Ripples continue to emanate out in the wake of the Supreme Court’s latest health care law ruling; new and pricier drugs threaten to upend the system; and, digital advances in health care usher in a wave of change.


Week in Review

Post-Ruling: Regardless of your opinion on the Supreme Court’s decision late last month, ruling on behalf of the Administration and upholding the subsidies extended to consumers signing up for coverage via the federal exchange, it would appear that the divisive health care law’s legal standing has, once again, been affirmed.  So, where does the law go from here?  That’s the question many experts have begun to address, mapping out the obstacles still remaining as implementation continues, albeit with one major impediment now having been cleared out of the way.  While some feel that the road ahead doesn’t go through Congress, it’s hard to deny that the politics surrounding the law will undoubtedly continue to exert influence on what happens next, at least in the near term.  In the immediate aftermath of the ruling, Republican lawmakers vowed to continue their efforts to unravel the health care law, with the Senate possibly looking to shoehorn piecemeal repeal votes into their already crammed floor schedule.  Whether or not they’re successful, there are some that think it’s time the GOP changes tack, maybe with an eye on next year’s Congressional and Presidential elections serving as their new North Star. 

Rx Prices:
You’d be forgiven for admitting to some degree of fatigue when it comes to the issue of escalating drug prices.  The past year-and-a-half, has seen the headlines dominated by exhaustive coverage of the ravages that Gilead Sciences’ breakthrough hepatitis C drug, Sovaldi, has exacted on budgets across the country.  Worryingly, though, it’s beginning to look like that drug merely represented the tip of the spear.  Already this month a pair of new drugs has been approved by the FDA and, as many feared, look to continue this unsustainable trend in prescription pricing.  A new cystic fibrosis drug called Orkambi, from manufacturer Vertex, will reportedly cost patients $259,000 annually.  Separately, Swiss pharmaceutical giant, Novartis, also won regulatory approval for its new heart drug, Entresto.  Pricing details for that drug have yet to be released, but Novartis is projecting $5 billion in annual global sales for the possible blockbuster.  While it’s worth noting that these drugs, much like Sovaldi, offer patients benefits that their predecessors couldn’t, and may in fact be helping Americans live longer, they’re also pushing more of them dangerously close to financial ruin.  And, new evidence points to the problem being more of an epidemic than a few isolated cases.  In its just released Exchange Pulse Report, pharmacy benefit manager, Express Scripts, shows that spending on high-cost specialty medications on the exchanges is not just significant, but growing.  Meanwhile, a separate analysis from PricewaterhouseCoopers highlights how the skyrocketing cost of specialty drugs is outpacing trends seen in traditional drugs.  As stakeholders across the health care spectrum seek alignment on issues of access and affordability, it’s become increasingly clear that the issue of drug prices remains the greatest threat to our system.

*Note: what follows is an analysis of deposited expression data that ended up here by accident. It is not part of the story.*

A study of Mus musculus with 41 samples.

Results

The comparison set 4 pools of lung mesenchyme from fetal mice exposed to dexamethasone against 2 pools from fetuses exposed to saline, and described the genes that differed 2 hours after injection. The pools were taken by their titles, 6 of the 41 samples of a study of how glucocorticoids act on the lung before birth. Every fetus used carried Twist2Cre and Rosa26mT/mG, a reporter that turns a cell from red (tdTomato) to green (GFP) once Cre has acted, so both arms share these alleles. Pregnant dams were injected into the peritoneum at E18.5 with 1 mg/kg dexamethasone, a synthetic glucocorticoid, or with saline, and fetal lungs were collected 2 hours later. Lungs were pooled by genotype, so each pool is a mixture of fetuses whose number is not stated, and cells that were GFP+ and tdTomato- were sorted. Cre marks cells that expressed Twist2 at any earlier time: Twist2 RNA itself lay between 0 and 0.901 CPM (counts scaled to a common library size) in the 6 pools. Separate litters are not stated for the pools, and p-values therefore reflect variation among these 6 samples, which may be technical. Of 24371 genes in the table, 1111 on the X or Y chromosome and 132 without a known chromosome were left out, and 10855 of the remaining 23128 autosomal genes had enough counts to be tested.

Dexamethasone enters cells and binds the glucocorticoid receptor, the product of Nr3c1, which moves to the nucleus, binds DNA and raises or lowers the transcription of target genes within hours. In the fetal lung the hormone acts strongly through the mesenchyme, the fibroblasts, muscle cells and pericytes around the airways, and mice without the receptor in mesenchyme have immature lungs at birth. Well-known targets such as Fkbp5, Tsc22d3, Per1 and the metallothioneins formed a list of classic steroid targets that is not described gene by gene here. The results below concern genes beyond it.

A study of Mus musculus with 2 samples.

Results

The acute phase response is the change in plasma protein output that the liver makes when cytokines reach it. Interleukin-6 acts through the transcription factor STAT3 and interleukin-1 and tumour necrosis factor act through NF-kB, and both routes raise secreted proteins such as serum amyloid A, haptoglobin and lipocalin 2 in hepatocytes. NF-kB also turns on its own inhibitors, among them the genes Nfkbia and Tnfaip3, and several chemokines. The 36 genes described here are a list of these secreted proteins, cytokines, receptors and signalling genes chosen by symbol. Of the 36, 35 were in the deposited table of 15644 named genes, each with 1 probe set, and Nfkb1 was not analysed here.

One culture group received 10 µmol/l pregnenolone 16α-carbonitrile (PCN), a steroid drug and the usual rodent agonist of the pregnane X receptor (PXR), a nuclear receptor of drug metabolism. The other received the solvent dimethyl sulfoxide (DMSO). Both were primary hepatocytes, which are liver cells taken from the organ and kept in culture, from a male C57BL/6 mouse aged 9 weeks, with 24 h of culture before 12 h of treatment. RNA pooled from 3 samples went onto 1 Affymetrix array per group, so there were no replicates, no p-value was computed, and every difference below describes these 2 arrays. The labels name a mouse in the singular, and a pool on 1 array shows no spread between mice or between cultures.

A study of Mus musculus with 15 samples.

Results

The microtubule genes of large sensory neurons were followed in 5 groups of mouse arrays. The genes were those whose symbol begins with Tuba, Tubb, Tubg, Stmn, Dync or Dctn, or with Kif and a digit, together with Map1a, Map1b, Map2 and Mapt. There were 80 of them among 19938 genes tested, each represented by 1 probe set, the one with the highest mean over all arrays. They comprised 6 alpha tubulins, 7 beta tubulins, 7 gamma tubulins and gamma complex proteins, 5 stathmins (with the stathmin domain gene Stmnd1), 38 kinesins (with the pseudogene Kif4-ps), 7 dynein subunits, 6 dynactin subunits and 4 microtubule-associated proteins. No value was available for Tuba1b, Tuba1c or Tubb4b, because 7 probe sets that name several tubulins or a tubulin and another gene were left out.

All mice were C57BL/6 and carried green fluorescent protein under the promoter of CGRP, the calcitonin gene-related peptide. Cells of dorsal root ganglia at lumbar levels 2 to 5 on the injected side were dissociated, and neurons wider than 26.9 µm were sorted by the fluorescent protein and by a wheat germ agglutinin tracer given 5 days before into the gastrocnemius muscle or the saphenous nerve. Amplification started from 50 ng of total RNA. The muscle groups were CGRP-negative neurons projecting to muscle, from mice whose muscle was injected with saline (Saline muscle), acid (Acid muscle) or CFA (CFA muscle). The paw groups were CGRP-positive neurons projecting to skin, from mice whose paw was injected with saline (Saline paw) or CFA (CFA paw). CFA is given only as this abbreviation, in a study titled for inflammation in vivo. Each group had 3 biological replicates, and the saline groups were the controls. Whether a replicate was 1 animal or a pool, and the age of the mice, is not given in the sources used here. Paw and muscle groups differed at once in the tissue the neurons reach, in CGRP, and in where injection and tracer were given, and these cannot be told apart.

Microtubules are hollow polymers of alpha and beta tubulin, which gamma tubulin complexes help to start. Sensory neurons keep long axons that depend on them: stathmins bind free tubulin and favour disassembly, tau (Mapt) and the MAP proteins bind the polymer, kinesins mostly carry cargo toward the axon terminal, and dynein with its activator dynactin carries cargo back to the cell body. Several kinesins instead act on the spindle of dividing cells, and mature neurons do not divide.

Digital Change:
Technology continues to work its way into and throughout our everyday lives, as consumers and as patients.  In fact, a new report indicates just how ubiquitous digital advances have become in our role as the latter.  According to Tractica, telehealth visits are projected to increase from 19.7 million in 2014 to 158.4 million per year by 2020.  Globally, the telehealth market is expected to nearly triple by then, too, according to a separate analysis.  Valued at $2.2 billion this year, it’s believed that the global telehealth market will reach $6.5 billion in value by the end of the decade.  With its increased utilization already being recommended for the elderly and the young, telehealth represents the next wave in health care delivery, leading some to wonder what might account for this trend and what, exactly, doctors would like to see going forward?


New projections point to the steady migration to Medicare Advantage by Medicare beneficiaries.  With the shift in focus from fee-for-service to a more coordinated, value-based model of care, it’s not hard to see why.  A new study published by the American Journal of Managed Care highlights the good work being done by one of these plans in the Medicare Advantage space, CareMore, whose model has been shown to be successful in reducing costs and improving outcomes by providing direct care to some of the frailest elderly patients.